3 Delivery Charges and Best Practice Myths

Suppose you’re a trader selling goods online via a delivery service. In that case, you may have heard various myths surrounding the best delivery practice. Unfortunately, the wrong information can be costly, ineffective and downright misleading.

delivery practice

So, in this article, we’re going to set the record straight by debunking three of the most prevalent misconceptions concerning delivery and trading standards. 

You need to include delivery costs in your retail price – TRUE

If you’ve been thinking that the total cost the customer pays is separate from the delivery cost, that’s incorrect.

When you list the final price of the sale, it should contain not only the delivery cost but VAT and all other compulsory charges too!

The Advertising Standards Authority considers delivery charges to be a deciding factor influencing whether customers purchase from you. Therefore, if you omit delivery cost, this is considered false advertising.

It’s your fault if the courier doesn’t deliver on time or loses the package – TRUE

Contrary to popular belief, it’s not the courier or customer that bears responsibility. The trader holds all the risk until the goods are in the customer’s possession. When an item is sold, the contract is between the trader and the consumer, not the courier. So, if you promise a specific delivery date and fail to meet it, this could constitute a misleading action.

For instance, the customer may have only purchased the product on the premise that you would deliver it by a specific time, and the promise of said delivery isn’t then honoured. In that case, the customer is legally entitled to cancel the order and receive full reimbursement.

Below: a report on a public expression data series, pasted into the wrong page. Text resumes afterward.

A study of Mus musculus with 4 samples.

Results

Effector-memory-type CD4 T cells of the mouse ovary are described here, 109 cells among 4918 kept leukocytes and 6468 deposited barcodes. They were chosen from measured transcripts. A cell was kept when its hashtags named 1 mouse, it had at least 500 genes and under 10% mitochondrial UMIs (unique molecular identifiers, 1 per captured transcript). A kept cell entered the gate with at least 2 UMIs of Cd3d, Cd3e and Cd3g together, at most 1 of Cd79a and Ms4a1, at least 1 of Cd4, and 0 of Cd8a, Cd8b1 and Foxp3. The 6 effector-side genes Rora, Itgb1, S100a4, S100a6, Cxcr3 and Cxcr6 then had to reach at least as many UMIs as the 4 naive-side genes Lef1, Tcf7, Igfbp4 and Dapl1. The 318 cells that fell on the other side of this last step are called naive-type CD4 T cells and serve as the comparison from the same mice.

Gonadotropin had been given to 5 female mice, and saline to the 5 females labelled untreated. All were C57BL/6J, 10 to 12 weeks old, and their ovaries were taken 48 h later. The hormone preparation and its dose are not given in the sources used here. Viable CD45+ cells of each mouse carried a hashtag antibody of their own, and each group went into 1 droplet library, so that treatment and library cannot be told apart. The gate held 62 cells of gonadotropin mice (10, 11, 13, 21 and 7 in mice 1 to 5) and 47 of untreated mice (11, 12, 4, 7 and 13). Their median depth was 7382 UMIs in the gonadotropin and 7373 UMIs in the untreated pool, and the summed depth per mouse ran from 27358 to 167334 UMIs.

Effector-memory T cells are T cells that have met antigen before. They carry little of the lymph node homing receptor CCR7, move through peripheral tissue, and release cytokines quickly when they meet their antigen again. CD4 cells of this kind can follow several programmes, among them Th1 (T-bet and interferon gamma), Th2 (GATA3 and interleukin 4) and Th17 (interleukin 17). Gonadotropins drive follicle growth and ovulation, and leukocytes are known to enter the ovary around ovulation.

You might be liable if the customer makes a mistake – TRUE

On the one hand, UK law states that in an agreement between two parties, you and your consumer are equally responsible for negligence on either side. But, when it comes

However, if you’ve made a deal with a customer to offer services outside of your sale contract without providing the full information, regardless of the customer’s subsequent agreement, you, as the trader, are still responsible.

For example, let’s say you agreed to offer next-day delivery to a customer before they made their purchase. However, the customer doesn’t inform you that they live in a difficult-to-reach area. As a result of this inconvenience, you might have to pay extra to your courier to deliver the package. In such a scenario, you may be tempted to add this charge to the customer’s bill.

But, under UK law, this would be considered unfair trading. You cannot add on an extra delivery charge post-sale. It’s the trader’s responsibility to provide all costs upfront. Where the trader failed to ascertain whether the customer lives outside their usual courier route beforehand, they must either bear the extra cost of this delivery or provide a refund to the customer.

Final Thoughts

We hope that helps clarify a few misapprehensions concerning delivery charges and practices. For more information on delivery charges, check out Business Companion’s new best practice guide for traders selling goods at a distance.

Whatever type of business you run, you need to stay on the right side of consumer law. Business Companion offers a wealth of easy-to-understand guides on the best trading and delivery practice, backed by legal and regulatory insights. We work to make trading information accessible and impartial for business owners, and it’s free! So, what are you waiting for? Take a look at our library of guides, news, updates and facts to get the most relevant and up-to-date information on trading law.